Thursday, August 29, 2013

More Lies From Harper Inc.



By now, most Canadians are probably aware that truth and the Harper regime are total strangers. Whether talking about the cost estimates of F-35 jets, knowledge about the Wright-Duffy-Wallin Senate scandal, reasons for taking rides from military helicopters to return from the cottage, spending $50 million on gazebos, everything the government says is suspect. People become used to such dishonesty, deceit and contempt, but I hope they never become inured to these egregious signs of overweening pride and arrogance from the people who 'serve' us.

Recent claims of revisions to the Temporary Foreign Workers Program that would ensure employers offer jobs to Canadians first appear to be yet just another lie issued by the government to quell widespread discontent. A story in today's Edmonton Journal reports the following:

Hundreds of Alberta employers are being allowed to bring temporary foreign workers into the province at minimum wage despite a federal government requirement they be paid at or near market rates.

Internal documents reveal officials at Human Resources and Skill Development Canada are letting businesses like big restaurant chains and large nurseries pay imported employees as little as $9.75 an hour.

The Alberta Federation of Labour, which gained the truth through a federal access to information request, says of the foreign workers,

“They’re being used as pawns by employers who don’t want to respond to the market signals that are telling them they need to raise wages”.

And the implication of this deceitful practice has implications far beyond the temporary workers directly affected:

Don Drummond, a former chief economist with TD Bank and deputy minister with the federal finance department, worries the documents show the TFW program is being used to artificially suppress wages in the province’s labour market despite a robust economy.

“If this program is creating a substantial number of positions at minimum wage,” said Drummond, “it’s dragging down wages throughout the province’s entire economy.”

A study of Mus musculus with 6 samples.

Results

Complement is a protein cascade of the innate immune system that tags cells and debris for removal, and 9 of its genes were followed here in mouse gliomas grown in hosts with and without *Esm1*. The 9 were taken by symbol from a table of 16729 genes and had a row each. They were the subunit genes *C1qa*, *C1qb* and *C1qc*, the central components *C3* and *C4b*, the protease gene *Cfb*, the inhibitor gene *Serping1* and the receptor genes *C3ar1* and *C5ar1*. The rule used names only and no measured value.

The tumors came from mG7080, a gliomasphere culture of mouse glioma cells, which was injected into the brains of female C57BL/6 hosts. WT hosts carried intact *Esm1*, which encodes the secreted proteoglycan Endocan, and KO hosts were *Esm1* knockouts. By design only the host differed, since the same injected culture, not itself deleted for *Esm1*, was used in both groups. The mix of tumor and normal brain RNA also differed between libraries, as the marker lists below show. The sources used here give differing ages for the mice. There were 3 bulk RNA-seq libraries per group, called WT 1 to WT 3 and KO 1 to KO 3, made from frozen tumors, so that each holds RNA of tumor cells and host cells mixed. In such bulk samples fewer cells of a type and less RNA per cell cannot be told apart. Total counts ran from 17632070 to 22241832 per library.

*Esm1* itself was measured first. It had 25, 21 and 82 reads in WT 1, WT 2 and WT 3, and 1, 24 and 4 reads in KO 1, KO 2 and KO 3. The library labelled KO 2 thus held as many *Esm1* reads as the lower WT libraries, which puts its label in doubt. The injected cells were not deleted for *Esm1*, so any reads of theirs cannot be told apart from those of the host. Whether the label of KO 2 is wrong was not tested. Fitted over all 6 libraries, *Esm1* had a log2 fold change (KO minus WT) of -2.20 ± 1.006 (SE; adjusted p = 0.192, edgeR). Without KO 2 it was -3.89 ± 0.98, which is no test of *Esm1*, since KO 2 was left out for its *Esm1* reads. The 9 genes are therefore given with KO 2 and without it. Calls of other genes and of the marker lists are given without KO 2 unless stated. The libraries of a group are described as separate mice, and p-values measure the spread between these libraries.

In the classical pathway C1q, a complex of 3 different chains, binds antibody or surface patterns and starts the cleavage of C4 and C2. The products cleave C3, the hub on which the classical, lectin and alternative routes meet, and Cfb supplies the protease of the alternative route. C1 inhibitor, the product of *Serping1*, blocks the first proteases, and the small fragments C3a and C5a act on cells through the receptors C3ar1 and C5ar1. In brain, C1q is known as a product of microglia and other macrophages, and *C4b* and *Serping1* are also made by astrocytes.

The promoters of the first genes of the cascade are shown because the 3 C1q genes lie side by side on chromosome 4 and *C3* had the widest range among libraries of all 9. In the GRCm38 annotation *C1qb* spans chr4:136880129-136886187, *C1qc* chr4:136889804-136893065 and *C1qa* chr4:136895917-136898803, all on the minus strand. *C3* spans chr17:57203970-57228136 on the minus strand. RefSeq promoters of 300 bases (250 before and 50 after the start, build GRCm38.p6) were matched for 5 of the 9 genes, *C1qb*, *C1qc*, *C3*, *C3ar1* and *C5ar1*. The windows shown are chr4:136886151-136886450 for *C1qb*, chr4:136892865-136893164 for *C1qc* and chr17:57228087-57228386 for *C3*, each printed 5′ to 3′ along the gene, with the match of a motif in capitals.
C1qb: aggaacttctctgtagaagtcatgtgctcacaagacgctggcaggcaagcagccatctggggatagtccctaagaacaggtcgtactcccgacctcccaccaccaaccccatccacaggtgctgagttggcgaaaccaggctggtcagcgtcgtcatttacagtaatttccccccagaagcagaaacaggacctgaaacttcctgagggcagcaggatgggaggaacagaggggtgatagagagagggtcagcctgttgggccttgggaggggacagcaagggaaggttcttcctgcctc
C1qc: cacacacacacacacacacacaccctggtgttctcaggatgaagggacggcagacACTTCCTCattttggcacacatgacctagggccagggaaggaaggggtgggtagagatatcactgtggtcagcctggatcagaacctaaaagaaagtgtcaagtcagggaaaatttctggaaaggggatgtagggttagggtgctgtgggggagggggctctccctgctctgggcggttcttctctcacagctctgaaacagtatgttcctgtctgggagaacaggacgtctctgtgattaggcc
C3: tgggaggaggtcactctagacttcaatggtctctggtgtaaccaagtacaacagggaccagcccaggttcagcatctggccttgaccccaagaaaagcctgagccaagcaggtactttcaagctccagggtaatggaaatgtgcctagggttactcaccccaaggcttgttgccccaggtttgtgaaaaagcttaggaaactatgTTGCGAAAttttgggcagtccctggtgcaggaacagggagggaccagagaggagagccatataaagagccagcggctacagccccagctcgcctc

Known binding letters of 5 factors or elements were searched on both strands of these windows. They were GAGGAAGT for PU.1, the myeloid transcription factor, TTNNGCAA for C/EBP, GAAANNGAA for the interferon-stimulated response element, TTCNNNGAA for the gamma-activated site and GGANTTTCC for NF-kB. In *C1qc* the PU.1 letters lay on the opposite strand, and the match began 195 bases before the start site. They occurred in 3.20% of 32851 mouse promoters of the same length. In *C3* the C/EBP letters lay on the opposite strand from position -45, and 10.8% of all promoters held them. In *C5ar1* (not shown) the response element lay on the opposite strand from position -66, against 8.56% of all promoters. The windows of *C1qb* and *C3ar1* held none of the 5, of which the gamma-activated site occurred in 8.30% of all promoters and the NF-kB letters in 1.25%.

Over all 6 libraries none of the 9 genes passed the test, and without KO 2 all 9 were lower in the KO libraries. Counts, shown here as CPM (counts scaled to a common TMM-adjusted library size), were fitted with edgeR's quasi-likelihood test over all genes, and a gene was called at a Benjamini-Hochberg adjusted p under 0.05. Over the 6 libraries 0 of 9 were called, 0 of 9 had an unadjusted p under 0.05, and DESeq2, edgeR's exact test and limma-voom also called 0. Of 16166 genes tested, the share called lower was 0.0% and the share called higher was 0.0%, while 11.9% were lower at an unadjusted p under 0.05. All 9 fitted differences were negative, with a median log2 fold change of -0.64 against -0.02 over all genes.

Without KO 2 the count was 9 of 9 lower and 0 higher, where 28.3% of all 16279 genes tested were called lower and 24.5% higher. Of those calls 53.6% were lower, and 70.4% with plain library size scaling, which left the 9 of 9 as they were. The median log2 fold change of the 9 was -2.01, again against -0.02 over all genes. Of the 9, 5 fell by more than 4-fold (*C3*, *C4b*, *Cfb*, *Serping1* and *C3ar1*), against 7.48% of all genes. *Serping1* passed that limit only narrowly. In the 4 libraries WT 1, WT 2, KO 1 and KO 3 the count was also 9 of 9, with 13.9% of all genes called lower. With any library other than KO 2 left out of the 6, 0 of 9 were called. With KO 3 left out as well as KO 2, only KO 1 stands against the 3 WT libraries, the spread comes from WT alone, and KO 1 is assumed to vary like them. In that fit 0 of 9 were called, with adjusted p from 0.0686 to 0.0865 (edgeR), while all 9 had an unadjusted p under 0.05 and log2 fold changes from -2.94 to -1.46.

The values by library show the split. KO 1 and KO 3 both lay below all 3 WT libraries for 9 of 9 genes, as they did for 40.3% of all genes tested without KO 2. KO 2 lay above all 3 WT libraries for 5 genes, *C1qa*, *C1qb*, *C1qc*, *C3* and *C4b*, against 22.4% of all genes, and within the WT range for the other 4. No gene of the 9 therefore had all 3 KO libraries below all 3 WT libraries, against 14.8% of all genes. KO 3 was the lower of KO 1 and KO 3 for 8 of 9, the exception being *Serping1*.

Predictably, Dr. Kellie Leitch, the federal labour minister, did not respond to written questions about why this is being allowed.

Slavery was abolished in the United States in 1865 with the 13th Amendment to the Consitution. Apparently it continues under another name in our own country today.

8 comments:

  1. Guest worker programmes are susceptible to sleight of hand business practices and the governments that create them know it all too well. In the resource sector, imported Chinese labour is one of the conjuring tricks that can be used to bolster the bottom line and improve profits and royalties at the direct expense of Canadian workers.

    It's a hallmark of any Petro-State





    Unfortunately, Harper will get away with it because Justin likely wants to show that he is a "bigger" person. If it were the reverse, it would be a pretty good bet Justin would have a lawsuit on his hands. At the very least, he would have to apologize to Dear Leader.



    I don’t think that it’s just corporate interests that are benefitting from the distorted equilibrium in wage pricing that the programmes are designed to produce. A host of smaller players who have entered the risk-taking world of entrepreneurship are equally pleased to have been afforded the opportunity to make use of a cheaper foreign-sourced pool of appreciative, compliant and disposable unskilled labour, rather than offer the wages and working conditions that would be necessary to attract some young locals or some “bums and creeps” from other parts of the country. Most of these wealth-creating situational rugged individualists would no doubt be Harper and Jason Kenney supporters.